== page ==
Ask professional sportsmen about their scariest moments and it’s a fair bet that the same answers will proliferate: first competitive game or match and first attempt at a world title or grand slam or Olympic medal, for example.
Fewer sports stars will talk about their last competitive match, and fewer still will talk about that moment when they realised that they were getting older, or that their body cannot hold up and the only way is slowly, sadly down. Every sportsman experiences it, from the footballer unable to maintain the blinding pace of their early 20s to the boxer stunned by blows that once bounced off his chin.
When the end comes, what next? In the 60s seemingly every retired footballer opened a pub, moved to Spain or became a manager or pundit. Nowadays the proliferation of digital channels and sports websites might enable the latter more easily for any sports. Many footballers start preparing for life after football from their mid-to-late-twenties, perhaps taking their coaching badges while still playing before throwing their hat into the ring for managerial roles.
Another option is becoming a fitness trainer or nutritionist, for obvious reasons.
It can act as a continuation of a sporting career in that it still might take you to the big venues with your clients. You’ll be able to prove that your methods have worked, by drawing on your own sporting knowledge and experience. And it can be a well-paid and interesting job in its own right, benefiting potential stars of the future.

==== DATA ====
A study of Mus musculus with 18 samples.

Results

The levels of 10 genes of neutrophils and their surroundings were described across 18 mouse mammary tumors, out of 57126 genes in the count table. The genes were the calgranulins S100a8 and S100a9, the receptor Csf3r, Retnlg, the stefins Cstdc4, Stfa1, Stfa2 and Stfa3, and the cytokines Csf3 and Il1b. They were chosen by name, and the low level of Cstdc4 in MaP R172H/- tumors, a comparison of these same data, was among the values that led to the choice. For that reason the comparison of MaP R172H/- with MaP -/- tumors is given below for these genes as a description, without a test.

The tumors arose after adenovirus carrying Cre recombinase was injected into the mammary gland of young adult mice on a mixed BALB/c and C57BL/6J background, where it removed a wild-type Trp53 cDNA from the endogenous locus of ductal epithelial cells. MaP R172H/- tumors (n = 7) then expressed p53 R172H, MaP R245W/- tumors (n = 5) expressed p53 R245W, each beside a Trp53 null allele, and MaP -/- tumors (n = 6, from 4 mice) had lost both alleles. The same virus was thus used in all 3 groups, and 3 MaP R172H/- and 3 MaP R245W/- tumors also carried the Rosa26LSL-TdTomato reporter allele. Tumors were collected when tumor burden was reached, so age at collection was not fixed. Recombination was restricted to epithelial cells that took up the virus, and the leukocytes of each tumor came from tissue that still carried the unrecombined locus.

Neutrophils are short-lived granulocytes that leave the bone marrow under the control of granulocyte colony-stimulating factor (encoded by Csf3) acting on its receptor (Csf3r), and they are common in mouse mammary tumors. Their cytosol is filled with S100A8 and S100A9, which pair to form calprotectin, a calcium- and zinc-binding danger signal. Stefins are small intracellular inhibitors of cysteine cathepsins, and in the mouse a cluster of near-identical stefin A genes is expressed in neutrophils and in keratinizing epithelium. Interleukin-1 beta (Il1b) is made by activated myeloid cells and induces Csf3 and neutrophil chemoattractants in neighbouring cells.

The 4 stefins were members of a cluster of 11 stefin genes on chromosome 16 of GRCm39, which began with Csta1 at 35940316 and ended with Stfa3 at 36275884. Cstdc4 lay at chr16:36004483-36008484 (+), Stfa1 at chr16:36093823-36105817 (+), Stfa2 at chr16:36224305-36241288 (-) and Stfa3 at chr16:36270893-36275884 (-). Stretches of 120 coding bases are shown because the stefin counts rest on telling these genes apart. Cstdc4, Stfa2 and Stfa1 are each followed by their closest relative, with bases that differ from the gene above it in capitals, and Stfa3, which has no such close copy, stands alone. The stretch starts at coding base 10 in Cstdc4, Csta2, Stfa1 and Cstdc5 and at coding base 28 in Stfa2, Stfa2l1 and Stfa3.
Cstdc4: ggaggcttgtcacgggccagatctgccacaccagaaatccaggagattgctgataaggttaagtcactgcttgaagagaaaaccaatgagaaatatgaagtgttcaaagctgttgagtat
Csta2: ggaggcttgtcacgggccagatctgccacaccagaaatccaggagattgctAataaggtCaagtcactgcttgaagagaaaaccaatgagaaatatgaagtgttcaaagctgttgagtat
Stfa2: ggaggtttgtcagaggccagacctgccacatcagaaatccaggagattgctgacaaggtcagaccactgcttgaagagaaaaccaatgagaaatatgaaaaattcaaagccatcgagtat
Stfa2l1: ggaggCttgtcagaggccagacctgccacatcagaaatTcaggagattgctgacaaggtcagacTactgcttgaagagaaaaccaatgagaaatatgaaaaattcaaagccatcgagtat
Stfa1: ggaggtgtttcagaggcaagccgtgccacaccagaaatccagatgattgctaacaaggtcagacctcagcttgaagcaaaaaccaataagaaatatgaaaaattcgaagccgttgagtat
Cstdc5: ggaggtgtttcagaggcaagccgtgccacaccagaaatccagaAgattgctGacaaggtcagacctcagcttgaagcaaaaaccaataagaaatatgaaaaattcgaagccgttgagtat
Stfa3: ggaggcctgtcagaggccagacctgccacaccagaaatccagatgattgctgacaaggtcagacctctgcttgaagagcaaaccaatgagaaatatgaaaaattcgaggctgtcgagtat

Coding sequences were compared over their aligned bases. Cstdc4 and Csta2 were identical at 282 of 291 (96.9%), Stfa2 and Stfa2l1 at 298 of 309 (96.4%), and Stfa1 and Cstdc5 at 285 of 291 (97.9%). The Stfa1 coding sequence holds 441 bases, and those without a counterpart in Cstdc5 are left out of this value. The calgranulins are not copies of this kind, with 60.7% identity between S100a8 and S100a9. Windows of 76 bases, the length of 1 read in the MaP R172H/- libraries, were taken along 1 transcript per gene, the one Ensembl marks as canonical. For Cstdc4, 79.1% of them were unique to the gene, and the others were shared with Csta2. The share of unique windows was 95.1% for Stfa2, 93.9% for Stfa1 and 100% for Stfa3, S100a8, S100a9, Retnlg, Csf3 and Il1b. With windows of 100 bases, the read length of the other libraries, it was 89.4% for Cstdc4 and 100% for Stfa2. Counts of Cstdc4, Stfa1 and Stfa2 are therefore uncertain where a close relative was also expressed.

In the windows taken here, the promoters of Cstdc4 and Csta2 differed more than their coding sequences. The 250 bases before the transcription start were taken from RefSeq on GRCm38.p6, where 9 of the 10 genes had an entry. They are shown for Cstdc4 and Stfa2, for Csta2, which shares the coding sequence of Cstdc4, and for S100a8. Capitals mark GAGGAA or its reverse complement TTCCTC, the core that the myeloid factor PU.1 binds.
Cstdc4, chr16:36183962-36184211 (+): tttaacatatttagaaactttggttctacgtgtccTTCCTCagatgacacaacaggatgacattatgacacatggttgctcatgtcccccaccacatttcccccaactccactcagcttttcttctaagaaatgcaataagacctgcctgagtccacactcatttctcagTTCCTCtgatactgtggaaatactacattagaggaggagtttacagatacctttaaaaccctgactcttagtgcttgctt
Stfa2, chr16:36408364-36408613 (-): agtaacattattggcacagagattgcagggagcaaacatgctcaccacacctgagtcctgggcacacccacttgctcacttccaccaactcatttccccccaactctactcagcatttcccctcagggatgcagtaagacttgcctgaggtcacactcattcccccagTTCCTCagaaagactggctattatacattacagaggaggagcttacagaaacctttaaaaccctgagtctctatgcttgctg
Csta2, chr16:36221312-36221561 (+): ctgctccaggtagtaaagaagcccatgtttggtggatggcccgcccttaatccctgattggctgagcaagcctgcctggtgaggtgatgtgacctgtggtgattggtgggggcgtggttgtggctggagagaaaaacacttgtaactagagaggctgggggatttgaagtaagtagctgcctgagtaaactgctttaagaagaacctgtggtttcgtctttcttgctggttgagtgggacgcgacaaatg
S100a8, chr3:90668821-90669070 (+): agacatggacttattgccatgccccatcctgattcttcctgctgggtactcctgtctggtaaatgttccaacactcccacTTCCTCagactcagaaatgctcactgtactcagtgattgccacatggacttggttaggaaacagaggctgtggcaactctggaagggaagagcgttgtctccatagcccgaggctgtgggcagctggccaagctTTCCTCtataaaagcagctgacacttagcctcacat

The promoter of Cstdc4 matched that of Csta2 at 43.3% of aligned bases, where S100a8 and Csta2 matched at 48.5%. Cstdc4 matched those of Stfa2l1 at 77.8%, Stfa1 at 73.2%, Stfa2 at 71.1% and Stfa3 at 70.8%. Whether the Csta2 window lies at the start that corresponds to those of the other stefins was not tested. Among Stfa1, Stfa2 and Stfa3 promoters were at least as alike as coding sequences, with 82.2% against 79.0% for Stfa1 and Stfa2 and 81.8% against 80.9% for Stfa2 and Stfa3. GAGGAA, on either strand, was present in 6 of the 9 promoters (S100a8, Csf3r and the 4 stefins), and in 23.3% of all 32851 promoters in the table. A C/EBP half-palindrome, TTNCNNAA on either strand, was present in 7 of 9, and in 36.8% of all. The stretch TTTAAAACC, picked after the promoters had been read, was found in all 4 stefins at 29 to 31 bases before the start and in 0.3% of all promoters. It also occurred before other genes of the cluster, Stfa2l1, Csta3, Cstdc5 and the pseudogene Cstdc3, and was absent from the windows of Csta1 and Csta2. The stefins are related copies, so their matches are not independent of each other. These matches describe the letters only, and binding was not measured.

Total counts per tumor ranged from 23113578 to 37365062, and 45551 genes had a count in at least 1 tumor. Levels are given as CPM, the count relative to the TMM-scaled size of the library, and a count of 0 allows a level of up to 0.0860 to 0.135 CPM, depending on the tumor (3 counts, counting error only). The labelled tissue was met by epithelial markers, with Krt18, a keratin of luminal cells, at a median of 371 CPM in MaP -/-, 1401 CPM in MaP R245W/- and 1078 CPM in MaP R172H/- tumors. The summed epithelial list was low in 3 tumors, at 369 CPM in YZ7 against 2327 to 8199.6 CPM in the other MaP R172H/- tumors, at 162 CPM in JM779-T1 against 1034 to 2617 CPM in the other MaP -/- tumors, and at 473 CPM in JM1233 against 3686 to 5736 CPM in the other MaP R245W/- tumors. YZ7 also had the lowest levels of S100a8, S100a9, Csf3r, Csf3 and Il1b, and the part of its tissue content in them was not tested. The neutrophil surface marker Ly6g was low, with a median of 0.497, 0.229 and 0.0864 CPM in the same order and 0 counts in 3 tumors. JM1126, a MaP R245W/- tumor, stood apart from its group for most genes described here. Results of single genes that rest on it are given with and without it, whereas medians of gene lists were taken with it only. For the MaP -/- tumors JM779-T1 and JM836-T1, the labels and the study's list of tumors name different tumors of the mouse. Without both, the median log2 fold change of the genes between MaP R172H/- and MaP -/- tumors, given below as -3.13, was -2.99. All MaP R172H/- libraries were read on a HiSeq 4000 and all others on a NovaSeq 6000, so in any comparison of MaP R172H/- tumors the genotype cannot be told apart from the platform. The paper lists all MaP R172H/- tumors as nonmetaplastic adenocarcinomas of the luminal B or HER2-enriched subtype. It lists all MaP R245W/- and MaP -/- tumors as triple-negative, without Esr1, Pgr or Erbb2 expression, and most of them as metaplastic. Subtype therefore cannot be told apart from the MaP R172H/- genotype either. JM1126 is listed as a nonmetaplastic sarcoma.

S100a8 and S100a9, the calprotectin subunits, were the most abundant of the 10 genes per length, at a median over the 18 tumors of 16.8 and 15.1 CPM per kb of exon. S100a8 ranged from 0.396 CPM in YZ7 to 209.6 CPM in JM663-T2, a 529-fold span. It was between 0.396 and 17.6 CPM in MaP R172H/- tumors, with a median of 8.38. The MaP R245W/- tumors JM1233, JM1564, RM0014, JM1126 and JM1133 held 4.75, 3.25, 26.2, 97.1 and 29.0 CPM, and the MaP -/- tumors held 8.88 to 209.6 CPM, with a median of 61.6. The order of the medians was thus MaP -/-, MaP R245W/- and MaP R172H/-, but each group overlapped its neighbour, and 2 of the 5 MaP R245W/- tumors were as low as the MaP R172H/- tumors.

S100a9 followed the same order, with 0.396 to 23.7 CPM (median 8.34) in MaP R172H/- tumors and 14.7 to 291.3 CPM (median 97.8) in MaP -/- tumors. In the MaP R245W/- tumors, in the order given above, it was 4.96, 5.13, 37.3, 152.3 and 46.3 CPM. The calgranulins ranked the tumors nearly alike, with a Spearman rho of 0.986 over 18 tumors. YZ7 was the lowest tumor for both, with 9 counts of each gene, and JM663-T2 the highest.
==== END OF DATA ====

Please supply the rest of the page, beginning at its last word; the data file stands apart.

The toughest parts of retiring are losing that buzz of the arena and finding substitutes for filling the day. Some sports such as golf and horse racing might pass into more sedate versions in later life, but a footballer or rugby player with crippling injuries does not have that option. An athlete’s sore, stretched limbs might not cope with the track or road any longer.
The only positive of giving up your career in your mid to late 30s is that you can prepare yourself psychologically, and while some might want to continue a sporting career others might want to make a clean break. The non-athlete can eat and drink what they want and spend more time with their children, while perhaps pursuing a completely new direction in life. Premier League winner Stuart Ripley went to university and became a solicitor. Wigan captain Arjan De Zeeuw became a police detective. Hulking Birmingham striker Kevin Francis joined the police in Canada.
What of those with no warning, whose sporting livelihoods are instantly destroyed by injuries or accidents? There will be a period of readjustment and reflection. Great sadness and bitterness might ensue and unfortunately depression and drink are sometimes by-products.
There’s a temptation to think that ‘it won’t happen to me’, but it does, and not all sportsmen are rich enough to cope. It’s one reason why savings should be put aside, and cover should definitely be taken from Howden or another insurance company.
A strong network of family and friends will cushion the blow, and may be able to suggest alternative work or hobbies, after leaving you for a period to come to terms with the disappointment.
However a career ends, ultimately life must go on even if the sport doesn’t –and most professional sportsmen will definitely have earned the right to take their life in the direction they choose.